Fiction – Kindle edition; Tinder Press; 338 pages; 2013.
In 2013 Maggie O’Farrell’s Instructions for a Heatwave was THE book of the moment. It was all over Twitter, was a favourite with bloggers and became a Sunday Times bestseller. Four years on, I thought I’d give it a try.
Unfortunately, I didn’t really get on with it.
The story is a relatively simple one. It’s set in 1976, during the height of the infamous British heatwave of that year, and examines the outfall on one family when the patriarch, the last man rescued at Dunkirk during the Second World War, walks out of the family home never to be seen again.
Here’s what I liked about the story:
1. It has a rich cast of characters — an Irish mammy, a trio of adult siblings and their various partners and children — all of whom are richly drawn and believable. Each character grapples with their own personal dilemmas: Aoife hides the fact she can’t read from everyone she knows, including her family; Monica is struggling to make friends with the step-children she never wanted and is still coming to terms with her own miscarriage many years earlier; Michael Francis is in love with someone else he cannot have but does not want his wife to leave him; and Gretta is devoutly Catholic but has committed a mortal sin that no one except her husband knows about.
2. The dialogue is spot on and O’Farrell is very good at capturing more than two people speaking at any one time (a tricky skill to pull off if you’ve ever tried to write fiction).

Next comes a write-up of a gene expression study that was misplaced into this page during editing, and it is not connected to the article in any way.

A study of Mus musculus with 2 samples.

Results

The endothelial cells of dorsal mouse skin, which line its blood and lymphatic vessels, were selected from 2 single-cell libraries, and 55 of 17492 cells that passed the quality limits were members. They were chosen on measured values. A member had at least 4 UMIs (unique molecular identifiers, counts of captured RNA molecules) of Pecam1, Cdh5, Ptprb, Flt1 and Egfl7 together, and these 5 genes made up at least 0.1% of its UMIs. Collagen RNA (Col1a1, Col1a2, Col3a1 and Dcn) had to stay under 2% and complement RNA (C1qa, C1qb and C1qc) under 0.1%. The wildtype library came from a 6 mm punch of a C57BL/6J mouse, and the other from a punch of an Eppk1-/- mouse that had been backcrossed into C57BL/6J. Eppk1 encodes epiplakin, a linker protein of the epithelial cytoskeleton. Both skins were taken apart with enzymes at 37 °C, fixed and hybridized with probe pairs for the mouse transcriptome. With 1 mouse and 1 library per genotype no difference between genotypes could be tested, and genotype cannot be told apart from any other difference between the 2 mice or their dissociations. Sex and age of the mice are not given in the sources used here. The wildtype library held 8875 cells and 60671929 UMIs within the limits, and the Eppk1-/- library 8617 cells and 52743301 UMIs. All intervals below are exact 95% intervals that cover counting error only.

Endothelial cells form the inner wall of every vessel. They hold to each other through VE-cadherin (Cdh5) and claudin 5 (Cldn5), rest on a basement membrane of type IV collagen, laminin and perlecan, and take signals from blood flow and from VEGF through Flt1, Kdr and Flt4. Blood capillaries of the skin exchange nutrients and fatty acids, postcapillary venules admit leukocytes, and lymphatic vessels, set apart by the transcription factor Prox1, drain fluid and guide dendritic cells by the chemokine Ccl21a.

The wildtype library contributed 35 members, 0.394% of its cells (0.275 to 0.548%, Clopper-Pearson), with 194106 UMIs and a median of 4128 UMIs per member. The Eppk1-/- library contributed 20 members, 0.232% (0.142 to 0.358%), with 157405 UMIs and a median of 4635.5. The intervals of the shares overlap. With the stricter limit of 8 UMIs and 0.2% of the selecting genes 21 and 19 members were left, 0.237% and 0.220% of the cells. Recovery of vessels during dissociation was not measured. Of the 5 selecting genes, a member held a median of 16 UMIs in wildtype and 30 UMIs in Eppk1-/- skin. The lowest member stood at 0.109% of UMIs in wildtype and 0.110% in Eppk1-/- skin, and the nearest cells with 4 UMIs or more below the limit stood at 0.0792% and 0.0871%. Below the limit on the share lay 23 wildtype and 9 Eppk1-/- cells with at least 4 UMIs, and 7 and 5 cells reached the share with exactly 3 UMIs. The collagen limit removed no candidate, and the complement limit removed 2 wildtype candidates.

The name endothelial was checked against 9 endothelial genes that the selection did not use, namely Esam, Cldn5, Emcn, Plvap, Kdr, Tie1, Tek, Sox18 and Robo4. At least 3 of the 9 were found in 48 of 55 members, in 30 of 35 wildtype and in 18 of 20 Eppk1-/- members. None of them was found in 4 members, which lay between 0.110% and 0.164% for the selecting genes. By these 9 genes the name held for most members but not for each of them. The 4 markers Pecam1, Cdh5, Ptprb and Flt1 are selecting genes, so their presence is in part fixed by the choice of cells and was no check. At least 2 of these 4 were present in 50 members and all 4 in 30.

3. The depiction of sibling relationships is especially good, particularly the ways in which misunderstandings and perceived betrayals can lead to years of silence, heartache and estrangement.
Here’s what I didn’t like about the story:
1. The heatwave element was poorly done. Perhaps I’ve just read too much Australian fiction in which sizzling summer temperatures and drought becomes a character in its own right. But in Instructions for a Heatwave it felt tacked on and didn’t feel central to the story; from the mid-way point it could well have been set during a big freeze in the middle of winter and we’d be none the wiser.
2. It was too reliant on flashbacks. Each character seems to spend an inordinate amount of time remembering things from the past. I know this is a good way to flesh out a character, to tell their back story, but it slowed the pace down. A choppy, more fractured structure might have given the narrative more of a “push” but I realise that may not have been the author’s intention, which, I assume, was to spend a lot of time with each character so that the reader would come to know them well. But this structure didn’t really work for me; I quickly grew bored. (As an aside, I wanted to know more about the missing father, but we only ever hear about him through second-hand accounts.)
3. The ending tied up all the loose ends too nicely. Everyone seemed to suddenly mend their years’ long disputes and grievances in the space of a couple of days. It didn’t feel very believable, but maybe I’m just not used to happy endings…
As a domestic drama, Instructions for a Heatwave is fairly conventional; it doesn’t do anything particularly original and if you’ve read dozens and dozens of novels by Irish writers (who excel at this kind of story) it feels fairly run-of-the-mill. But it’s readable and peopled with interesting, well drawn characters, and if you like your books to have neatly drawn endings, then it won’t disappoint.
This is my 10th book for #20booksofsummer. I bought it in September 2013 and kept it hidden away on my Kindle all this time. I’m tempted to say something along the lines of “perhaps it should have stayed there”, but I won’t <insert winky face here>.